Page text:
Books

Is There a Right Way to Look at Art?

Is looking at a work of art for up to fifteen minutes with no context the best way to appreciate and understand it?

Crowd of tourists trying to see the Mona Lisa by Leonardo da Vinci at the Musée du Louvre, Paris.
(photo: Iain Masterton / Alamy Stock Photo, courtesy Prestel)

I — like you, dear reader — am no stranger to museums, often excited to trek to faraway places, like Western Massachusetts, to see the latest exhibitions. Yet sometimes, like when I find myself sprinting through a gallery of Franz Kline paintings, I wonder if there’s something I just don’t understand in the works I so hurriedly run from. Call it imposter syndrome, but I’m always searching for guidance on how to really “see” art, particularly in cases where no amount of background knowledge proves sufficient. I’ve always enjoyed the philosophical ponderings on art of people like Walter Benjamin, John Berger, and Charles Baudelaire, but maybe it was time for something a little more concrete. This was my reasoning in picking up veteran New York art dealer Michael Findlay’s Seeing Slowly: Looking at Modern Art.

Cover of Seeing Slowly: Looking At Modern Art, Prestel, Munich/London/New York (image courtesy Prestel)

A follow-up to his 2012 book, The Value of Art: Money, Power, Beauty, Seeing Slowly is what the author himself calls a “self-help” book. Written in a very casual way and peppered with personal anecdotes, the book takes us through the basics of what art is exactly (which isn’t really that basic), the art market and the real value of art, the differences between “looking” and “seeing,” the importance of being present and undistracted, and the dilemma of connoisseur vs. snob.

Many of Findlay’s arguments stem from the pitfalls of technology and decreased attention spans. As he writes early on, today “we collect experiences rather than engage in them.” We all know that snapping a selfie with the Mona Lisa is to art appreciation what loudly chatting at a jazz bar is to music appreciation — and there are plenty of people who do both — but Findlay also encourages us to never get the audio guide (check, I never liked it anyway), and furthermore, to never read the wall labels. Instead, he tells us to let the work choose us: see what catches our eye while standing in the middle of the gallery, then walk up and just stand in front of it for a minimum of three minutes (ideally 15), soaking it all in before moving on.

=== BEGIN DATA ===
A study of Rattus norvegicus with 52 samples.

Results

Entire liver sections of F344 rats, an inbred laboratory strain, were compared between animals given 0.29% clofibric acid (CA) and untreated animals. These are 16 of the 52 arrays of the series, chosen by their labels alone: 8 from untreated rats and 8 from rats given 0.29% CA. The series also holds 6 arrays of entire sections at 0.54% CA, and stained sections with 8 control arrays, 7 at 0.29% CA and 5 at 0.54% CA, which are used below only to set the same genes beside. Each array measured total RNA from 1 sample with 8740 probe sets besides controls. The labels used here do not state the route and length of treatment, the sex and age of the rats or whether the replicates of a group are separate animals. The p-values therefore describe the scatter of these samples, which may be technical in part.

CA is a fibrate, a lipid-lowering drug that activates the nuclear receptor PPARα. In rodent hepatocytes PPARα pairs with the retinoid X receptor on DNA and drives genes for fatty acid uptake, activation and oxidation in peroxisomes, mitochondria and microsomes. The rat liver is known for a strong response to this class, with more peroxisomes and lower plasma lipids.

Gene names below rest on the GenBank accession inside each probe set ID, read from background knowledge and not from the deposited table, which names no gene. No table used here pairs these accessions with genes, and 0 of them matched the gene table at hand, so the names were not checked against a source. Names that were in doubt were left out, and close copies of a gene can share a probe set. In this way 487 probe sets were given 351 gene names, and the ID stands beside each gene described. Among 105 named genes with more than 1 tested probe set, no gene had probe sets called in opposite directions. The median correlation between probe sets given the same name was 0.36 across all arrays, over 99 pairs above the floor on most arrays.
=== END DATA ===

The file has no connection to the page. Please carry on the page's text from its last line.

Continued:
While I’m certainly a fan of the middle-of-the-room strategy, and have often found myself mesmerized for minutes on end by the works of Egon Schiele and El Greco, spending a full three minutes — not to mention 15! — staring at a Rothko is the last thing I’d ever do. So I decided to take a trip to MoMA’s permanent collection and see if Findlay’s advice actually helped me to appreciate artists and works I’d always passed by.

But before I get to the results of my experiment, I want to point out that I realize I’m not the target audience of Findlay’s book, a fact that muddles its scientific rigor. Time and time again, the author argues that background knowledge is not only unnecessary, but even hurtful, to truly appreciating a work of art — hence the advice to ignore wall labels and audio guides. Findlay accurately points out that many people are intimidated by art, because they feel they don’t know enough to understand it, so if they could just look at it for what it is, they’d appreciate it more than if they’d known the whole artist’s biography.

This may be the case for painters, but what about someone like Joseph Beuys? Can someone unfamiliar with his life and his politics really appreciate a photo of the artist with face covered in gold, holding a dead rabbit? Art has never existed in a vacuum, and contemporary works especially often require at least a little bit of background information. On the other hand, my high school obsession with Schiele led me down a dangerous biographical path, so now, I can’t look at his paintings and drawings of young women without thinking of Wally Neuzil, his most loyal and oft-abused muse.

But back to my non-scientific experiment. I set my phone timer and proceeded to stand in front of several works for three minutes each, and I have to say, it didn’t help. At the end of the allotted time, I still lacked appreciation for Rothko, and the extra time failed to add anything to my appreciation of Matisse. The three-minute rule didn’t help me much in terms of art-viewing, but it did serve as an interesting method of observing how other people came up and looked at the same work, sometimes just taking a photo and sometimes sticking around for longer than at the other paintings — maybe they saw me looking at a specific work for a long time and decided they should do the same?

Regardless of my experience at MoMA, Seeing Slowly is a rather enjoyable read, and I would definitely consider gifting it to the next friend or family member who tells me they don’t “get” modern art. As for me, for now I guess I’ll just stick with the uppity philosophers, where I’ll certainly find myself in good company.

Seeing Slowly: Looking at Modern Art is out now from Prestel.